The Ethnic Working Group of Colombia’s Truth Commission





WOLA is honoring the Ethnic Working Group of Colombia’s Truth Commission which, despite immense personal danger and risk, is working to establish the truth of what Afro-Colombian and Indigenous communities experienced during Colombia’s armed conflict. 

Colombia’s Truth Commission was a cornerstone achievement of the country’s historic 2016 accords that ended Latin America’s longest-running armed conflict. 

The commission’s Ethnic Working Group is dedicated to uncovering the truth behind what Afro-descendant and Indigenous communities endured during the 52 years of bloodshed, displacement, and terror.   

In establishing the truth of what happened, the working group is confronting the cycle of systemic violence and racism that Black and Indigenous Colombians have resisted since colonial times. They offer a path forward for redress, healing, and a future for all Colombians that is rooted in hope and joy. 

Commission members Leyner Palacios Asprilla and Patricia Tobón will accept the award on behalf of the Truth Commission’s Ethnic Working Group. 

About Leyner Palacios Asprilla 

Palacios has spent over 20 years raising his voice for justice and peace in Colombia. He is a survivor of the 2002 massacre in Bojayá, Chocó, when an estimated 86 people died during a church bombing; he lost dozens of family members and friends.

(Hear Palacios tell his story in the first episode of Rebuilding Peace, a documentary podcast released as part of WOLA’s #ConLíderesHayPaz campaign. Support the work and protect the lives of Colombian activists like Palacios by joining the #ConLíderesHayPaz campaign.)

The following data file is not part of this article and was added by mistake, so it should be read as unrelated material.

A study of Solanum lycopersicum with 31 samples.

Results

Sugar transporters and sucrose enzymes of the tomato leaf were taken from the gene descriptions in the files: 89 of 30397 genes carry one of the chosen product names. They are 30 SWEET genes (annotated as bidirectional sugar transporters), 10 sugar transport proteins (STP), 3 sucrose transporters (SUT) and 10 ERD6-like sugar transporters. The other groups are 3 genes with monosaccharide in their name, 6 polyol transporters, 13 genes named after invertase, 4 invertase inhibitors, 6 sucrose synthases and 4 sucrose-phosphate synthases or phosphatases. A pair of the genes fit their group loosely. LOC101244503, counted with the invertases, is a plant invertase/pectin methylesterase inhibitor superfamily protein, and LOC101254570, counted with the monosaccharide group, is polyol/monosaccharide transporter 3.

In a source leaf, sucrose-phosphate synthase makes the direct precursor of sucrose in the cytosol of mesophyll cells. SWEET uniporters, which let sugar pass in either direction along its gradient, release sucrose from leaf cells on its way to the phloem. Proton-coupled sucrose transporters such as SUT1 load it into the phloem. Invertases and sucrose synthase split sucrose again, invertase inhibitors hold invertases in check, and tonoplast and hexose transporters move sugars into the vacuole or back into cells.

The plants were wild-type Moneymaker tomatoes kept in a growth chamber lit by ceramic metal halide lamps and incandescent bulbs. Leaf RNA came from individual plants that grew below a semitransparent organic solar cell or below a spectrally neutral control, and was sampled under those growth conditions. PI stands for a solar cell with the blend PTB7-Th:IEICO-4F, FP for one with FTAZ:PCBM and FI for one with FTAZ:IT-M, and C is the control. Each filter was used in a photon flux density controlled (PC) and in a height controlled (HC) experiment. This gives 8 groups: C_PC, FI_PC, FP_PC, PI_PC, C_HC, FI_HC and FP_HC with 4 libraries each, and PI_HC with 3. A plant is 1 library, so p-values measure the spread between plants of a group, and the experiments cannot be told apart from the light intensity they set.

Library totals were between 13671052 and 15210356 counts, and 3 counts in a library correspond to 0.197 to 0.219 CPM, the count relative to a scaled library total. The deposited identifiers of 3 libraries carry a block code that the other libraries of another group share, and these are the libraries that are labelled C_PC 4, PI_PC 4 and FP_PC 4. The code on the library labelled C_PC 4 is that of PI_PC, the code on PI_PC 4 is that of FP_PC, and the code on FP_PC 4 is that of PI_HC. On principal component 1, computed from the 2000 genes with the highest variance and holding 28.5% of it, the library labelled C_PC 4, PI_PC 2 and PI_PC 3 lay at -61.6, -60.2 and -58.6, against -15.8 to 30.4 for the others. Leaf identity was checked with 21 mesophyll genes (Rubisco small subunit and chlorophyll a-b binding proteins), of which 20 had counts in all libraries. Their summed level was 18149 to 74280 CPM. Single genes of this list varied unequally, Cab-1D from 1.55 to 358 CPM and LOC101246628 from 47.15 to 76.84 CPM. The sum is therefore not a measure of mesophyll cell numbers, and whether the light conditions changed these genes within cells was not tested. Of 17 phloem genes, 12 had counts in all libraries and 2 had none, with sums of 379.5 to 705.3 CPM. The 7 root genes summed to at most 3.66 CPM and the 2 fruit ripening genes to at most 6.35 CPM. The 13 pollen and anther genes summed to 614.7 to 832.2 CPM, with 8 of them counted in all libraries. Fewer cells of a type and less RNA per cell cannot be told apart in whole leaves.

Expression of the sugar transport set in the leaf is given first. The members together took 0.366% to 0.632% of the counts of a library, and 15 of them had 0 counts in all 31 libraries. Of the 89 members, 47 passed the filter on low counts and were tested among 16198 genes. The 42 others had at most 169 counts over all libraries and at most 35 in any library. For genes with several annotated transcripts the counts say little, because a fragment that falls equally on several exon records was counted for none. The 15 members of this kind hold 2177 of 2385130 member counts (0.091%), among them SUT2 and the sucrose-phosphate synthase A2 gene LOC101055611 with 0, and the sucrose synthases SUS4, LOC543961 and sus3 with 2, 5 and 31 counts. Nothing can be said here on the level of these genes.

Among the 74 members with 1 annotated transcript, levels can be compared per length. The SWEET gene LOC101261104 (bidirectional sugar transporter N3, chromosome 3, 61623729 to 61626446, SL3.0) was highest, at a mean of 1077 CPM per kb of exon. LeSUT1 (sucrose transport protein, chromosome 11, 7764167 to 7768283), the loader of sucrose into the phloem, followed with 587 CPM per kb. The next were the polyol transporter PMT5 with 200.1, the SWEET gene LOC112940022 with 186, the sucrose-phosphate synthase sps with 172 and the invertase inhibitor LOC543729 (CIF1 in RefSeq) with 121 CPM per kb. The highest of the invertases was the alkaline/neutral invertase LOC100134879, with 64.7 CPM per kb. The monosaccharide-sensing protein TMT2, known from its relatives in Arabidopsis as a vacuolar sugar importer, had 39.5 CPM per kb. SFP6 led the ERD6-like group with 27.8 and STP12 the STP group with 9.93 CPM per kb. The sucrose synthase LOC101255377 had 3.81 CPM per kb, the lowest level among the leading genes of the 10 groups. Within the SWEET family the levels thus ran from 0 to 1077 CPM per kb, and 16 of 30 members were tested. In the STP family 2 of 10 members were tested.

About Patricia Tobón 

Tobón, an Indigenous leader of the Embera people, is a lawyer and advocate for the social and political rights of ethnic communities in Colombia.


Rep. Barbara Lee


Elected to the House of Representatives in 1998, Lee has been a tireless advocate for humanitarian aid and restricting the use of force in U.S. foreign policy toward Latin America and the Caribbean. 

As a member and former chair of the Congressional Black Caucus, she has pushed for U.S. policies on Colombia that center development and uphold the rights of Afro-descendant and Indigenous communities, rather than overemphasizing funding to Colombia’s armed forces. 

She spent decades advocating for normalizing U.S. relations with Cuba, pressing for policies of engagement with the island in order to advance human rights and political reform. As a long-time member of the House Western Hemisphere subcommittee, she has been a forceful advocate for human rights and democracy in Central America. 

In addition to successfully backing laws to facilitate recovery efforts in Haiti following the country’s catastrophic 2010 earthquake, Lee has forcefully defended the U.S. humanitarian program that protects some 60,000 Haitians living in the United States.  

Her at-times lone dissenting votes for peace—including her vote against broad authorization for military force following the 9/11 attacks, and her vote against the invasion of Iraq in 2002—has made her an international role model and inspired generations of anti-war activists. 

In 2021, she made history as the first Black lawmaker to chair the powerful House Appropriations Subcommittee that oversees all U.S. foreign aid and the State Department. 

Fundación Mi Sangre




WOLA is honoring Fundación Mi Sangre for its commitment and leadership in lifting up new generations that are committed to a culture of peace in Colombia. 

Since 2006, Fundación Mi Sangre has been training a new generation of young activists and leaders who are working together to build peace and communities of care across Colombia. 

From connecting former combatants, victims of the conflict, artists and business leaders; to get-out-the-vote efforts and other civic engagement trainings; to campaigns calling attention to landmine victims and youths at risk for recruitment by armed groups, Fundación Mi Sangre empowers young Colombians to become agents for peace and change.

Founder and musician Juan Esteban Aristizábal Vásquez, known professionally as Juanes, and director Catalina Cock will accept the award on behalf of Fundación Mi Sangre.